By Delaney Ruston, M.D.

(NCCE welcomes Dr. Ruston to the NCCE Tech-Savvy Teacher blog for a series of posts related to the impact of technology on the lives of adolescents.  The NCCE 2019 conference will feature a screening of Dr. Rushton’s movie, Screenagers: Growing Up in the Digital Age, followed by a Q&A session with Dr. Rushton and Marc Elliott, the CIO for the Olympia School District.  Register today!)

Spending more time talking with youth about all the cool things on screens paradoxically makes them more receptive to talking about ways to limit screen time. Here’s why:

Kids and teens consistently tell me, “Parents just don’t understand. They don’t see why my screen time is so important.” Meanwhile, kids see headlines about screen time ruining them. It is no wonder they do not believe we see the positives. Yet, I often think to myself that if I had decided to make a film about all the positives of the tech revolution, it would be a SUPER long movie, think Gone with the Wind on steroids many times over. The fact that screen time is so appealing is precisely why we are here at this moment working to create balance for our youth.

A wonderful psychiatrist told me something that I repeat to myself often: “People want to be understood about why they want something as much as they actually want something.” I consistently find this to be true in my work as a doctor and in my work with youth (and in my relationships with all people).

In my work, for example, I will see patients who have mild low back pain for just a few days and will ask to have an x-ray. I empathetically paraphrase back to them what they have said and add that it makes sense that they would think such a test could be helpful. I can see it in their facial expressions when they feel heard. I then explain the reasons why such a test would not actually serve them well. This simple technique leaves patients feeling positive about their encounter and consequently more satisfied without getting an x-ray.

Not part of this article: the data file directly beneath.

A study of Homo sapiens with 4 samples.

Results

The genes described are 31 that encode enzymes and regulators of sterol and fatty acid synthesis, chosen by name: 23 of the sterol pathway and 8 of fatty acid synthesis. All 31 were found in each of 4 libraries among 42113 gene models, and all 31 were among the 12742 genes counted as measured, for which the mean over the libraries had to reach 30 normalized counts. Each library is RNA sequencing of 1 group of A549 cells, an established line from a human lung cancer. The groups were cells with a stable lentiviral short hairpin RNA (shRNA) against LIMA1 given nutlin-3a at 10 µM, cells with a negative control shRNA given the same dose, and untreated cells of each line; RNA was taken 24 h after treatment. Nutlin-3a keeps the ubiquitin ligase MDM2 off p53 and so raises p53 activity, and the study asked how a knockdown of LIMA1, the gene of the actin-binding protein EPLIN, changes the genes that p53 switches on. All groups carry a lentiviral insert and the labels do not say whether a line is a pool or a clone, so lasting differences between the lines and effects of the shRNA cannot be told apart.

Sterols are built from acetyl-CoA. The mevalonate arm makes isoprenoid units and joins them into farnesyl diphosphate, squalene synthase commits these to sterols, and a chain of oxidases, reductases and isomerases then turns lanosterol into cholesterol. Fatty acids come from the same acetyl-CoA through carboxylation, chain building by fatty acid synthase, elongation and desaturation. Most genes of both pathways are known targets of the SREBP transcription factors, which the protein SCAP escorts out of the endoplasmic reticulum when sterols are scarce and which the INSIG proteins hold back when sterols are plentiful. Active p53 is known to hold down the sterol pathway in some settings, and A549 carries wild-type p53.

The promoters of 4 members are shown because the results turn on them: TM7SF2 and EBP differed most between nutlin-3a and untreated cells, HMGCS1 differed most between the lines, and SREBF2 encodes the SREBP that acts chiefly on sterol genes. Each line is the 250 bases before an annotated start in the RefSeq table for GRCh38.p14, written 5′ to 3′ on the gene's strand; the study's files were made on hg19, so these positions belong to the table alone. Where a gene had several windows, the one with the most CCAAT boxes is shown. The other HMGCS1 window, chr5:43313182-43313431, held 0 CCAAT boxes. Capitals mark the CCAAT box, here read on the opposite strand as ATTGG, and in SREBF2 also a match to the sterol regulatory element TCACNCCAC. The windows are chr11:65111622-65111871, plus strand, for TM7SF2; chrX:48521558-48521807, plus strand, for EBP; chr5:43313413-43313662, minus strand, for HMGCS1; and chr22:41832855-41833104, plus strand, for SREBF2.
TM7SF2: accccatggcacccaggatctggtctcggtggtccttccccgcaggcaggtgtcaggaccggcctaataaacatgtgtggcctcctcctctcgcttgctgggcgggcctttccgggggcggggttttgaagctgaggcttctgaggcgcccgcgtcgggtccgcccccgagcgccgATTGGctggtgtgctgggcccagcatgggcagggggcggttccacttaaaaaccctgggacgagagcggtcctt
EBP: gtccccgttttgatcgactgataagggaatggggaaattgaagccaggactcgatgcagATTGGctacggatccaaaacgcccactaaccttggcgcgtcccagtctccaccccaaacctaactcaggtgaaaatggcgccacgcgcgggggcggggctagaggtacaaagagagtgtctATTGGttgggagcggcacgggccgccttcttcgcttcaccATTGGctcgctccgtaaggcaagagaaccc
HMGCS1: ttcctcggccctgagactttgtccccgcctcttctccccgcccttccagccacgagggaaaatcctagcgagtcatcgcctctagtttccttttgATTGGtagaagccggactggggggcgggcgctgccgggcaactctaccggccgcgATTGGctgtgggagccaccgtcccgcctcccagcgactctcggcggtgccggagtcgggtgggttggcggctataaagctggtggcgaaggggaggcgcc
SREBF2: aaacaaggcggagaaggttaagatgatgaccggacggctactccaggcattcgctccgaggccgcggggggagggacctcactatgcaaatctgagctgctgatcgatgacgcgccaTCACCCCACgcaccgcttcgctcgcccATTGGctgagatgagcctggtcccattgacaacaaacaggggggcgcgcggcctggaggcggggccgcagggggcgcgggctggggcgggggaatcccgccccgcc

In my work with youth around screen time, I use a similar approach. When I talk in schools I always start by asking students what they love about screen time. It is such a fun conversation starter, and I see their faces light up. I tell them that it makes perfect sense that they would enjoy so many things on screens. For example, who wouldn’t want to play lots of video games? The graphics are incredible, they get to play with friends, they get to level up all the time, thus feeling competent—I get it!!

I go on to say how I understand how challenging it is to find a balance with offline time. I may say something like, “Given all the connecting going on with social media, it makes perfect sense that it is incredibly challenging to put the phone away. I often hear teens tell me how they feel bad not responding instantly to friends.” After all that, I then transition into the reasons why time away from screens is important and ways to make that happen.

It’s tough for human brains to hold two seemingly opposing views at the same time. This is especially true for younger minds. We are asking youth to keep in their brains that we think there are amazing things about screen time, AND YET, we also believe that too much is not good. Identifying cool things about the tech revolution helps our children develop this dialectical thinking.